Getting Through Postpartum Recovery Like a Boss

So it has come to my attention that not all L&D nurses are as awesome as mine were. In terms of postpartum recovery, the only thing I had at home was a huge stash of pads—which, while necessary of course, would not have done me much good alone.

If you are anything like me and get multiple tears during delivery, despite having done all of those stretches and exercises weeks in advance that are supposed to help prevent it, then you are going to want a lot more than those pads. Luckily my nurses had my back.

Right after delivery they gave me a big bag of recovery material. I’m going to give you the down-low on what was in it and how it helped me recover like a boss.

  1. Mesh Underwear

Not the prettiest lingerie by any means, but definitely comfortable and definitely needed. You are going to want several pairs of these bad boys for probably the first week or two of recovery until your bleeding slows down. The reason being, you are going to be using huge, and I mean HUGE, maxi pads for at least the first few days after delivery. That mesh underwear is stretchy enough to fit the pads, unlike any other underwear you probably have. And like I said before, it is comfy, which is all you are really going to care about after delivering that precious baby of yours.

  1. Maxi Pads

Lots and lots of maxi pads. Some really huge ones, and then some lighter ones to use as the bleeding tapers off (which can take anywhere from 4-8 weeks).

  1. Ice Packs

I’m not talking about those hard ones you use in your lunchbox. That would be a horribly bad idea. I’m talking about the malleable, disposable, and semi-absorbent ones that will comfortably fit on top of your maxi pad. I used these for about two weeks after delivery. Great for soothing and cooling down there!

  1. Witch Hazel Towelettes

Take a couple of these pre-moistened towelettes and place them on top of the ice pack for added cooling and soothing. Make sure you get the correct type—50% witch hazel. Tucks is the name brand for these.

  1. A Donut

No, not the kind you eat—though you may want some of those too with how many calories you will be burning if you choose to breastfeed. You will want a donut to sit on. Whether it is one you blow up or a pillow-y one, it will be your best friend for at least a week. You are NOT going to want to sit straight down for a while.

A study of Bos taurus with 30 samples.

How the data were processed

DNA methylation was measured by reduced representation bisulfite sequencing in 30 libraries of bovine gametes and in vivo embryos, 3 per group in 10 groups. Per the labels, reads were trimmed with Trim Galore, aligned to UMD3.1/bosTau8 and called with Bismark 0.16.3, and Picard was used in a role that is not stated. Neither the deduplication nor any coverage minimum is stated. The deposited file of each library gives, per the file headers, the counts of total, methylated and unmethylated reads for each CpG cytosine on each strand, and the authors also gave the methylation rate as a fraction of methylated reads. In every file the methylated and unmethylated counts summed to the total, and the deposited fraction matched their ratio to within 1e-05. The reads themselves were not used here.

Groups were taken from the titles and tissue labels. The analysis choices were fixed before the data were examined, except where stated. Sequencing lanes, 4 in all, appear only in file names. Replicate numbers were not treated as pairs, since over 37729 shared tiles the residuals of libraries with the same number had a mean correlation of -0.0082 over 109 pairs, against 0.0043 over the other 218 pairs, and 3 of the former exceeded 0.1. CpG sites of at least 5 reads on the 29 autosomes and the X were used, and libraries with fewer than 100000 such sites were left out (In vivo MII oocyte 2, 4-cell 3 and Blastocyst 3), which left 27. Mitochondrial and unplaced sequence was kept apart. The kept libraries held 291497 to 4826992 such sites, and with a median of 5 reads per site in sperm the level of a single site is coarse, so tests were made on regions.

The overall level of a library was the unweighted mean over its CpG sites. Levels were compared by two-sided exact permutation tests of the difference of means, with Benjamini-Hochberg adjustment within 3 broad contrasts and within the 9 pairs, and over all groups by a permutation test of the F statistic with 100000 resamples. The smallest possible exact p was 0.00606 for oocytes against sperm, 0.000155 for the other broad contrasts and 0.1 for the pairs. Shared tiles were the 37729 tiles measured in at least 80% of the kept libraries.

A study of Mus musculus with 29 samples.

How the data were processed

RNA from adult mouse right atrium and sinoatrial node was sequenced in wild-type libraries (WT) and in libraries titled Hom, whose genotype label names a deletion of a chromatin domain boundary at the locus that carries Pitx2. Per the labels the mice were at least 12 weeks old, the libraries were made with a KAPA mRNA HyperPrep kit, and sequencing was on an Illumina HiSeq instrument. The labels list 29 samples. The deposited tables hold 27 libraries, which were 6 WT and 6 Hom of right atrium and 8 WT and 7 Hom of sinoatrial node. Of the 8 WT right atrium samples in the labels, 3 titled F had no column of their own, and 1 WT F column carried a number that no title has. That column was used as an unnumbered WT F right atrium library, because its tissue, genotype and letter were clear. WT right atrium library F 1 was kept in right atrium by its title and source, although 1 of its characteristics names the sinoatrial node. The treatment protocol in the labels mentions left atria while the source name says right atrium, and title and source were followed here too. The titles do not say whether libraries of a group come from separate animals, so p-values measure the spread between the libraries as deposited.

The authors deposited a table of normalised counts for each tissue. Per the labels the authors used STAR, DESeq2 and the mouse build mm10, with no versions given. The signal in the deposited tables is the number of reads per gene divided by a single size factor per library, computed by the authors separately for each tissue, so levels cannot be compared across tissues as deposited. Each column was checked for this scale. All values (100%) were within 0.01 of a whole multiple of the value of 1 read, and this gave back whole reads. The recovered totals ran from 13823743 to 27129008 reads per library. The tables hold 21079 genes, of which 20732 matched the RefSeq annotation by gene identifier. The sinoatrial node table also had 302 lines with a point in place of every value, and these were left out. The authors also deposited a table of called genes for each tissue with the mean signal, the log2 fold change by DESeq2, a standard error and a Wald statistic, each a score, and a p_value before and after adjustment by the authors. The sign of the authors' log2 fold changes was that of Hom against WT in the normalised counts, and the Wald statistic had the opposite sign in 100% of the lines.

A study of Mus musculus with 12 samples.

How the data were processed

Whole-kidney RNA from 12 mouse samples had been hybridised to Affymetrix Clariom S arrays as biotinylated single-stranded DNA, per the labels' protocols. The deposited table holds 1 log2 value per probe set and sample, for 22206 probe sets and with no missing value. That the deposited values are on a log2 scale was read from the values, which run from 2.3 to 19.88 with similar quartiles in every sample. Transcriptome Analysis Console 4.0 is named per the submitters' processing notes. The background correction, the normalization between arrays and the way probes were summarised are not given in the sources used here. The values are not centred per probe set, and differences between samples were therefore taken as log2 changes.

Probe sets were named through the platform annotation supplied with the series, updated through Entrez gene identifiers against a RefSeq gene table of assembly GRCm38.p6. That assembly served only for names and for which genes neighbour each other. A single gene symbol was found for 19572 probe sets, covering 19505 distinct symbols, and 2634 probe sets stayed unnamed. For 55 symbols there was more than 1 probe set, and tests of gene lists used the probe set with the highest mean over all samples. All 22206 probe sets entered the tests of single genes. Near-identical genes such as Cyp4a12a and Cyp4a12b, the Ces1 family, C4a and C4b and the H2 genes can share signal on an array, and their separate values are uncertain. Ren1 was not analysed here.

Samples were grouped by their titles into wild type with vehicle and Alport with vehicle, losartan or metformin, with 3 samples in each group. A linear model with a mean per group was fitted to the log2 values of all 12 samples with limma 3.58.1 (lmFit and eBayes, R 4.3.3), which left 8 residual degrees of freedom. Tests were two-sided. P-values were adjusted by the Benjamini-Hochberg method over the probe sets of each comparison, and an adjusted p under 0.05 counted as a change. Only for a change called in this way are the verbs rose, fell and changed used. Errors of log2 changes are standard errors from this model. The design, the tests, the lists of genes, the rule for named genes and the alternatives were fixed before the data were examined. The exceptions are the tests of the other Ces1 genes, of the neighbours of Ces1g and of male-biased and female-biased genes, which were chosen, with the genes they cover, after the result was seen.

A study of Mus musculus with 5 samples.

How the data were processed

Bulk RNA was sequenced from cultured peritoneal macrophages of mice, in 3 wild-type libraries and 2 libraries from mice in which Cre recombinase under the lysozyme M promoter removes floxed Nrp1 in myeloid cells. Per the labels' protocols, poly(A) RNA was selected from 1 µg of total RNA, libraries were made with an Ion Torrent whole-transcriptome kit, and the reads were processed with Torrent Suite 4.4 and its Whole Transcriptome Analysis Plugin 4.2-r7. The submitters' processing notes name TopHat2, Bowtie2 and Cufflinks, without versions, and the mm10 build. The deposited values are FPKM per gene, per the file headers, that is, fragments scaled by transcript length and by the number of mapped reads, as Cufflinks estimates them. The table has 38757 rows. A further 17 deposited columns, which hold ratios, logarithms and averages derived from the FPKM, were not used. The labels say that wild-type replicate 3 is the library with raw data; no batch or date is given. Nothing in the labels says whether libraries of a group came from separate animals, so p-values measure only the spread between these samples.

1. Peri Bottle

This is a MUST-have if you are going to survive going to the bathroom after delivery! Get a peri bottle, fill it with warm water, and use it every time you go to the bathroom. Urinating may sting, so the water will help dilute it as you go. I didn’t have a problem with stinging because I was drinking so much water that it diluted it already (stay hydrated, ladies!), but the peri bottle also helps to clean that area gently, which is important since you will be sore!

Hopefully your nurses will have all of these things for you, which you can find out if you take a tour of the L&D unit at the hospital you will be delivering at, but if not then you can prepare them yourself. Now, here are some medications you may want while you are recovering:

  1. Benzocaine Spray

Use this spray as directed—it will give a slight numbing effect down there to help with any itching or burning you have. Warning: the spray itself burns for a minute when you first apply it.

  1. Tylenol or Ibuprofen

Make sure you have some kind of pain-reliever at home! The hospital will take care of you while you are there, and may even prescribe you something stronger than over-the-counter pain meds to take home, but make sure you have backup. If not for the soreness, for the uterine contractions you might have while your uterus is shrinking down to its normal size (these are particularly strong while breastfeeding).

  1. Laxative

If you are at all afraid of using the restroom while you are first healing, consider a laxative like Colace to help you out. More likely than not your doctor will put you on one right after delivery, especially if you are on any paid meds (they tend to back you up a bit), but if not… feel free to request one. And have some at home, too!

Postpartum recovery can be a beast, but these things really helped me get through it. I am nearly 6-weeks postpartum now and am feeling pretty great! Fingers crossed that everything is all healed up at my postpartum checkup this week.

I hope you found some helpful tips here—good luck with your recovery, mamas!